So: why’s that?
Well, I think Bootstrap is an example of a remarkably good tool that’s often misused. And the reason why is because when folks start building an app they often think of CSS as something that’s annoying, something that shouldn’t be built from scratch so they turn to a library like Bootstrap. They don’t want to have to build a carousel or a button or an anything for the millionth time, they just want to copy and paste HTML and CSS together to make it work.
The problem with this is that if left untended, Bootstrap can become an example of radioactive code.
The last three projects I’ve worked on all started with Bootstrap to provide the foundations for things — they’d start by loading Bootstrap via a CDN in the head of the document:
<head> <link href="https://email@example.com/dist/css/bootstrap.min.css" rel="stylesheet" integrity="sha384-eOJMYsd53ii+scO/bJGFsiCZc+5NDVN2yr8+0RDqr0Ql0h+rP48ckxlpbzKgwra6" crossorigin="anonymous"> </head>
This is bad for a whole bunch of performance reasons so eventually folks would start using it as a dependency in node. They would
npm install bootstrap and badda bing badda boom, you now have all the CSS you’ll ever need.
The problem here is that Bootstrap contains so much stuff that you don’t need 95% of it. You’ll need the reset, the normalize styles but the dozens and dozens of component styles you won’t need or ever use. They’ll just get in the way and slow you down.
But not only are you asking users to download data but it will make for a worse developer experience, too. That’s because folks on most teams will start to componentize their front-end code and instead of refactoring Bootstrap they’ll often choose to make a new component and then override the Bootstrap styles. This will happen until things get so messy that even though you might have a nifty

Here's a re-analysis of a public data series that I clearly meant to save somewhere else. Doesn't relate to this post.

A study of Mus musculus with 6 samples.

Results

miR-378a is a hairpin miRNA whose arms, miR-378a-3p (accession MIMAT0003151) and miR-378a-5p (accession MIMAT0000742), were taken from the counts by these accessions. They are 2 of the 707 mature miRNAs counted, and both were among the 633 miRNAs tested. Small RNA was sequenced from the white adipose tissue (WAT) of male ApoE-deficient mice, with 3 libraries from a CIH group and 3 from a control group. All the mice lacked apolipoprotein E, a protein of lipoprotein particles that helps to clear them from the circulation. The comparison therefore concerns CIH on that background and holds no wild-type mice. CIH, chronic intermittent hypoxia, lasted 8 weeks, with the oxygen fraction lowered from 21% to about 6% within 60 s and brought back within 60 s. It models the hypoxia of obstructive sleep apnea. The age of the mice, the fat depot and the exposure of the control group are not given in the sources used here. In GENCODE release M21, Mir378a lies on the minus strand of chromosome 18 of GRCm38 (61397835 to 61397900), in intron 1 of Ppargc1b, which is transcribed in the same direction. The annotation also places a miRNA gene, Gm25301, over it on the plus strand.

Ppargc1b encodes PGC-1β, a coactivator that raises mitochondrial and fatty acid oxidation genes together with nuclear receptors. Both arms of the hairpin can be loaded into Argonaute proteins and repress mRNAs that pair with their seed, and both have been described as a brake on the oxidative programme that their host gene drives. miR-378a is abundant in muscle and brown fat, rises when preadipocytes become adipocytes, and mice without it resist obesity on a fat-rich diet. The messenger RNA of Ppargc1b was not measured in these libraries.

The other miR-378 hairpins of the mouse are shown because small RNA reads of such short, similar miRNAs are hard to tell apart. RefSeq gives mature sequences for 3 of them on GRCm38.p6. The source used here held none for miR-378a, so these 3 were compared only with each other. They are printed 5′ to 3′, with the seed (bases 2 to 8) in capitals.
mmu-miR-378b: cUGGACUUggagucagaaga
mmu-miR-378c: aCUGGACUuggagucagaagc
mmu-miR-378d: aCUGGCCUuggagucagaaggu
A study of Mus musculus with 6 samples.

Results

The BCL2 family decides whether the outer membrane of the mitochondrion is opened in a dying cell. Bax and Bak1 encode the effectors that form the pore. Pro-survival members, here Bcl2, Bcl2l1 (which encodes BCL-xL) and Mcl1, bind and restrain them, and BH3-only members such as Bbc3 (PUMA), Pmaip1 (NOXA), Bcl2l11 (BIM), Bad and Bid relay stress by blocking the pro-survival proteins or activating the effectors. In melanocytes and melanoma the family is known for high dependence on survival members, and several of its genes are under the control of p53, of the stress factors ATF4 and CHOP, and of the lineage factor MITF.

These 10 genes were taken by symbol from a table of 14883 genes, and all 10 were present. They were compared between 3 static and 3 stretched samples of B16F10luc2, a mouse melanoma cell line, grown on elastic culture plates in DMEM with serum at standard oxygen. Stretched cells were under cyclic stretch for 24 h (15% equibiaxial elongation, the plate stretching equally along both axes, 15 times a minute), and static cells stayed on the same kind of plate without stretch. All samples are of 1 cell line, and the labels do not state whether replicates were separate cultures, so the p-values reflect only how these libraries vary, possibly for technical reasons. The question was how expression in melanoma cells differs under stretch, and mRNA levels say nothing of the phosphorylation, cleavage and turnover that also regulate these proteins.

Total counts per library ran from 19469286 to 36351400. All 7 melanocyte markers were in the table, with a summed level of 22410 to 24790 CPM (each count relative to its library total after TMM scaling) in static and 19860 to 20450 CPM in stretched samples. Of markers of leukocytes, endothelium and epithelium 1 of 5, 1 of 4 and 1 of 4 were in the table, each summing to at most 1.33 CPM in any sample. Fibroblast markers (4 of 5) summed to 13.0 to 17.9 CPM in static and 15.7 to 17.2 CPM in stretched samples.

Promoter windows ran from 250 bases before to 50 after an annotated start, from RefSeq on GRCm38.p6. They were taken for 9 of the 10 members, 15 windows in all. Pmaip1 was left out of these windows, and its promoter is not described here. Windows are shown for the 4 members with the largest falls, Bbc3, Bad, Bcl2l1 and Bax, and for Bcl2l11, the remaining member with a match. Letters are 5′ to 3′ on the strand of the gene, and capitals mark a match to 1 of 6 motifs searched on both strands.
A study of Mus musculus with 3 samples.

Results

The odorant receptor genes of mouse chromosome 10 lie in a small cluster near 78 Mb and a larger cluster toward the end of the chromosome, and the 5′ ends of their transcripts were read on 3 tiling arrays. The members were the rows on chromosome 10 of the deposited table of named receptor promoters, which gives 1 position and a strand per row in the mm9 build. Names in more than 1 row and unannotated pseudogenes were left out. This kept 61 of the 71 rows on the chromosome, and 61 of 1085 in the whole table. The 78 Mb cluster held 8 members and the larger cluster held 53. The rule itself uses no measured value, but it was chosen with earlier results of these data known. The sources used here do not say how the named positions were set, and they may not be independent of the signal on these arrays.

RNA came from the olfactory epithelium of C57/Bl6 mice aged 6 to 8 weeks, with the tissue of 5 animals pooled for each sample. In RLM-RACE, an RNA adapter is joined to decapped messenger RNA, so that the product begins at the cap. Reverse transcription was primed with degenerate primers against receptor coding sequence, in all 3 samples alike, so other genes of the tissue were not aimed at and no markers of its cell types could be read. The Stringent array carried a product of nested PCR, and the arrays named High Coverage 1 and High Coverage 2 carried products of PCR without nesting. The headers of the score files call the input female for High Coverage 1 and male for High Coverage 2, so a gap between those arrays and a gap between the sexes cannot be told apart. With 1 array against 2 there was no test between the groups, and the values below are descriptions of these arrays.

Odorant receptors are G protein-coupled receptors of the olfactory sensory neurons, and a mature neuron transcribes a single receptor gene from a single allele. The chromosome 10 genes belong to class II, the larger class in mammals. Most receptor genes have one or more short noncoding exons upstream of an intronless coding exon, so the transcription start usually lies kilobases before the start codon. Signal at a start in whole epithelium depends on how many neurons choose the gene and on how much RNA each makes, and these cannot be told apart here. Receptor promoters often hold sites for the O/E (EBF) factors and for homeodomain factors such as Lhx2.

<Button> React component, there might be eight different style sheets impacting that component from god knows where.
When a team starts using Bootstrap in this way it gets incredibly difficult to see the damage and point it back to this single point of failure. You’ll just start finding that it’s harder to write good front-end code. You’ll find tons of hacks lying around in your codebase and you’ll furrow your brow before continuing writing more code somewhere else.
Now, I don’t blame Bootstrap for this — I blame how Bootstrap is used.
The way we should use it is by taking only the pieces we need, specifically, the component styles. We shouldn’t
npm install this stuff either. I think we need to vendor it.
What does “vendoring” code mean? Well, the other day I stumbled upon this term in a blog post by Tom MacWright:
Vendoring, in the programming sense, means “copying the source code of another project into your project.” It’s in contrast to the practice of using dependencies, which would be adding another project’s name to your package.json file and having npm or yarn download and link it up for you.
This is exactly how I think we should be using CSS framework-esque projects like Tachyons and Bootstrap: just go and copy/paste only the parts of that code that you need.
Whenever I join a team this is almost always the first thing I do when it comes to design systems. I vendor Bootstrap, copying and pasting and deleting only the stuff we need and moving all those global styles into React components so that they can be read and understood easily in the future.
Vendoring code in this way might sound gross but it’ll be easier to make changes in the future, easier to read, and oddly enough easier to update if that specific library changes, too.